Junior Colin Ferrier has been playing basketball since he was six years old. It began when he asked his dad what sport he could use his hands for. He used those same hands to dribble his way into middle school, into the starting lineup on varsity his freshman year at Santa Margarita Catholic High, into a CIF championship in his sophomore year and into an All-League award he received during his junior year of high school.
Later, he found himself guarding current Los Angeles Lakers point guard Lonzo Ball while playing for Chino Hills High School in the opening round during playoffs his senior year. Ferrier described the NBA star as “just man amongst boys.”
“(Ball’s) basketball IQ is … really good. It was definitely tough playing against (him),” said Ferrier.
After a two-year stint at Saddleback College, Ferrier transferred to Chapman in the fall and has started every game this season.
In the Panthers’ Jan. 30 game against the Occidental College Tigers, Ferrier put his head down, methodically dribbling into the paint for kick-out passes to corner shooters. He kept his hands raised and feet sliding on defense, often guarding Zach Baines and Austin DeWitz of the Occidental Tigers, two of the top 10 leaders in points per game in the Southern California Intercollegiate Athletic Conference (SCIAC).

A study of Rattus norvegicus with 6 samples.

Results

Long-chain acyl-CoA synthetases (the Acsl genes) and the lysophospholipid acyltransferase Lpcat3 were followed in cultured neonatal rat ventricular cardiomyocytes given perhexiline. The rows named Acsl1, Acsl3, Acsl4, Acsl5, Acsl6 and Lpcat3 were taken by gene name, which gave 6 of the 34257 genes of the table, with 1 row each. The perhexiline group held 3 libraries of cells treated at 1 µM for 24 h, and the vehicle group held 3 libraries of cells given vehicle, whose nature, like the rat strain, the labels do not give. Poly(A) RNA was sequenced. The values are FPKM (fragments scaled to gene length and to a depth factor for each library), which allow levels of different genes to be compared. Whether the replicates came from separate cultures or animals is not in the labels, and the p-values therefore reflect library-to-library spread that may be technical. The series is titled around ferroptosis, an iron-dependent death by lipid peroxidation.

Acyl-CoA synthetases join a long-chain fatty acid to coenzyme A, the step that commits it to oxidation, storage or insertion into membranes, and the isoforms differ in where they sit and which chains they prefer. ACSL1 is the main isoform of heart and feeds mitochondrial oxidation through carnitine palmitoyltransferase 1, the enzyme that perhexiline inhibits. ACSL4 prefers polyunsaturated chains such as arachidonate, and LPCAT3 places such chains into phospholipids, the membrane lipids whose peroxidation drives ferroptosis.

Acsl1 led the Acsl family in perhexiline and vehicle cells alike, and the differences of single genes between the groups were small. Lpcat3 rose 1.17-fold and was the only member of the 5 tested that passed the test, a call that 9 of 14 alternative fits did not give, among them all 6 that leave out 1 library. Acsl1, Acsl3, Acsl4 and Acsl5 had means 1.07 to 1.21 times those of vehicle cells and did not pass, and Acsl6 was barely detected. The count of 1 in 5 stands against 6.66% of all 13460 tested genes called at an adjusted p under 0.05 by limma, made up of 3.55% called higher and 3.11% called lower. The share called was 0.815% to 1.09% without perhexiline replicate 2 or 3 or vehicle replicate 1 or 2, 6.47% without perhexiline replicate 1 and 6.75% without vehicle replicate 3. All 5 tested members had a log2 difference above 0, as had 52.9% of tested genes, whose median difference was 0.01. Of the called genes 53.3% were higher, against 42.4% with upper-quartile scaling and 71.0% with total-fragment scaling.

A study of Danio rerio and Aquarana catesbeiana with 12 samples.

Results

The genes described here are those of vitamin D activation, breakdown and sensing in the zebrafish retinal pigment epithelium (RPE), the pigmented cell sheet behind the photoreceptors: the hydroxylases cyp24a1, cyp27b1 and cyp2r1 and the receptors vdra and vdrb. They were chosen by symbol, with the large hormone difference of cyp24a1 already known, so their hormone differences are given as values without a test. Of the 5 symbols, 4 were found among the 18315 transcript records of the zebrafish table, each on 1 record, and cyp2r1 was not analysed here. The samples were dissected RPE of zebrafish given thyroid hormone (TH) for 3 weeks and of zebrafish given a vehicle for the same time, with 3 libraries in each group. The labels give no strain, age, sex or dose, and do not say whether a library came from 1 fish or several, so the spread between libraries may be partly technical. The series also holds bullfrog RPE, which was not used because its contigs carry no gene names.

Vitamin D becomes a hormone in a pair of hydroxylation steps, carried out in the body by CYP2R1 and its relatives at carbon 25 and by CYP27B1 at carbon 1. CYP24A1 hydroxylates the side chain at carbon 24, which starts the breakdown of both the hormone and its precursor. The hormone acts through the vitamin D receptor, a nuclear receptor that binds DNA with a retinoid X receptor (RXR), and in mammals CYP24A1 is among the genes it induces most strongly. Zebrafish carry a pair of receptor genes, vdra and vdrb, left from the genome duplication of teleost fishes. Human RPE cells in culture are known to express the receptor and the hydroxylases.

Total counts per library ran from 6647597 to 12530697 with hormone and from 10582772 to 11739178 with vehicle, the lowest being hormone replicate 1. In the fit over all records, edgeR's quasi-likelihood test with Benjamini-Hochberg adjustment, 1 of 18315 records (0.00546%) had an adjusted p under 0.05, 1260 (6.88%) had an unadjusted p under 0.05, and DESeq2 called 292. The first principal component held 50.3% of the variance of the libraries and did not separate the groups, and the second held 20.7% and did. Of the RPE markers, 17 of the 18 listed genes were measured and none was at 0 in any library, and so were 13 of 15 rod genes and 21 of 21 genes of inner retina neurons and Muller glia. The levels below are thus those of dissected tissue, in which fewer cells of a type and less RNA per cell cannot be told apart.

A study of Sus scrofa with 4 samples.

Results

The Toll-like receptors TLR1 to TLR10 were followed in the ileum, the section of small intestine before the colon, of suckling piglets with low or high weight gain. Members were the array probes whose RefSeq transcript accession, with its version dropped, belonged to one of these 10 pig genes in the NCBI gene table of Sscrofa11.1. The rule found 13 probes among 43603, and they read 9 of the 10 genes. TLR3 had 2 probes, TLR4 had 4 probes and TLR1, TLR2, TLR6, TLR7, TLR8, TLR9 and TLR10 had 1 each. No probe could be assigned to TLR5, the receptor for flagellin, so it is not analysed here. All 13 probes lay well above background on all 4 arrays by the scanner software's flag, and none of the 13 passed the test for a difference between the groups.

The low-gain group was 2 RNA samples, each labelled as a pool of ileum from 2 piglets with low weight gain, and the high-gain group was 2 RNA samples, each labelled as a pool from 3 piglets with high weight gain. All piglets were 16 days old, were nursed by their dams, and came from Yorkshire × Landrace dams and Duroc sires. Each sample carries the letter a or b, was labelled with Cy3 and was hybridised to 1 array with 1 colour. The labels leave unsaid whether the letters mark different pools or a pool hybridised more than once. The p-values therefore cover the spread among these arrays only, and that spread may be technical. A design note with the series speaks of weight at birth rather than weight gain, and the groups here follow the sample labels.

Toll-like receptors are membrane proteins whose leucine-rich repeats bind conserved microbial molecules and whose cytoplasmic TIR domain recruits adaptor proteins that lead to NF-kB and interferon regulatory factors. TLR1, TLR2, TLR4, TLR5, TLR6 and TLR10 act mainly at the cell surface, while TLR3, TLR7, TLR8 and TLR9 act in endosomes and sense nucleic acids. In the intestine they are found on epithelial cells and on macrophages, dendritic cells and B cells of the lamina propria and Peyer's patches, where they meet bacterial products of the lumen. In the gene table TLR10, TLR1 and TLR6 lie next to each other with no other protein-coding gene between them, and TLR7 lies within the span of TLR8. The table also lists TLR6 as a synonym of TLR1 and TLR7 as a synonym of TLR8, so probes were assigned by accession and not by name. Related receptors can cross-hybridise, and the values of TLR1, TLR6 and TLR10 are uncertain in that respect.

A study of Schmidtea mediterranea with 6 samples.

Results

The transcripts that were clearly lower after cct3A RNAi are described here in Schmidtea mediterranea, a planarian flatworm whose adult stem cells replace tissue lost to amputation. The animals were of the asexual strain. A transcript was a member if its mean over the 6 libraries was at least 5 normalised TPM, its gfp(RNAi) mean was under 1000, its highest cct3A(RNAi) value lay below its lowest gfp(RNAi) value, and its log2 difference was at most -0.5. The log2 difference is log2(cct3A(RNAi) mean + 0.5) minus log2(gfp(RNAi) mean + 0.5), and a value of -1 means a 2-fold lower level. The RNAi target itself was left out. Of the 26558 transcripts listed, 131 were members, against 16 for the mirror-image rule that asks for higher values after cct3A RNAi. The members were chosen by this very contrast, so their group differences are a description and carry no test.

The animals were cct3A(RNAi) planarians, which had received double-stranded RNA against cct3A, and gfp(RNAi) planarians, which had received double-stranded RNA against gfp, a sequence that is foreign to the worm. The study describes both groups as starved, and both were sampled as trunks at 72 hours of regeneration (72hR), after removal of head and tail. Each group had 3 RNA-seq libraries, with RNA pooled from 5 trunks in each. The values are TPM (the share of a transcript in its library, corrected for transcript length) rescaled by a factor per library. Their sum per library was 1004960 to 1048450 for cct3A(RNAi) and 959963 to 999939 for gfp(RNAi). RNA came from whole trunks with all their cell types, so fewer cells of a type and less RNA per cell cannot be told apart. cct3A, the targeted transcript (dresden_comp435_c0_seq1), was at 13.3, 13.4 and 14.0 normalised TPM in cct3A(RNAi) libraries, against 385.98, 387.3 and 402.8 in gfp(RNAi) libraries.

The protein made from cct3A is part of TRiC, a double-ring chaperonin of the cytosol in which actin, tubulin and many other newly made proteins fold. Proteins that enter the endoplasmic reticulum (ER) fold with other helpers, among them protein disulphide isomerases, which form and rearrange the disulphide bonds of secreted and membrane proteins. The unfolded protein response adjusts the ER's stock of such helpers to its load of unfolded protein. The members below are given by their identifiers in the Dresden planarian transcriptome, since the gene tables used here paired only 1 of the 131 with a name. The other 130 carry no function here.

Ferrier said during his collegiate years, and even his final season of high school, he transitioned from being a shooter to more of a defensive player. He said he tries to be the “hustle guy,” someone willing to do the dirty work.
“If I had a son, I’d want him to be like Colin Ferrier,” said head coach Mike Bokosky. “You tell him something one time, he gets it. You don’t have to repeat it over and over again, and you know he never has a bad day.”
During the first half of the game Jan. 30, Ferrier missed three shots from the field, not scoring a single point. But at the beginning of the second, he scored seven points over the course of three straight offensive possessions for the Tigers.
Ferrier said what worked for him during that stretch was simply trying to “stay aggressive.” This drive on the court is something Bokosky believes brings Ferrier closer with his teammates.
“He gives maximum effort … guys will gravitate toward him, just based on how hard he plays,” Bokosky said.
Ferrier is close with his teammates, though many basketball players are introverted, Bokosky said. Ferrier said he’s not always vocal in the locker room, and instead tries to set an example for his teammates.
“I’ve always tried to (lead) more by example … getting to practice early … (and) getting shots up afterwards,” Ferrier said.
Even after a personally successful season, Ferrier said he doesn’t play for individual statistics. He plays because he loves to play.
“Twenty to 30 years from now, you’re not really going to remember the shots that you’re taking or the games; you’re going to remember the relationships that you have,” Ferrier said.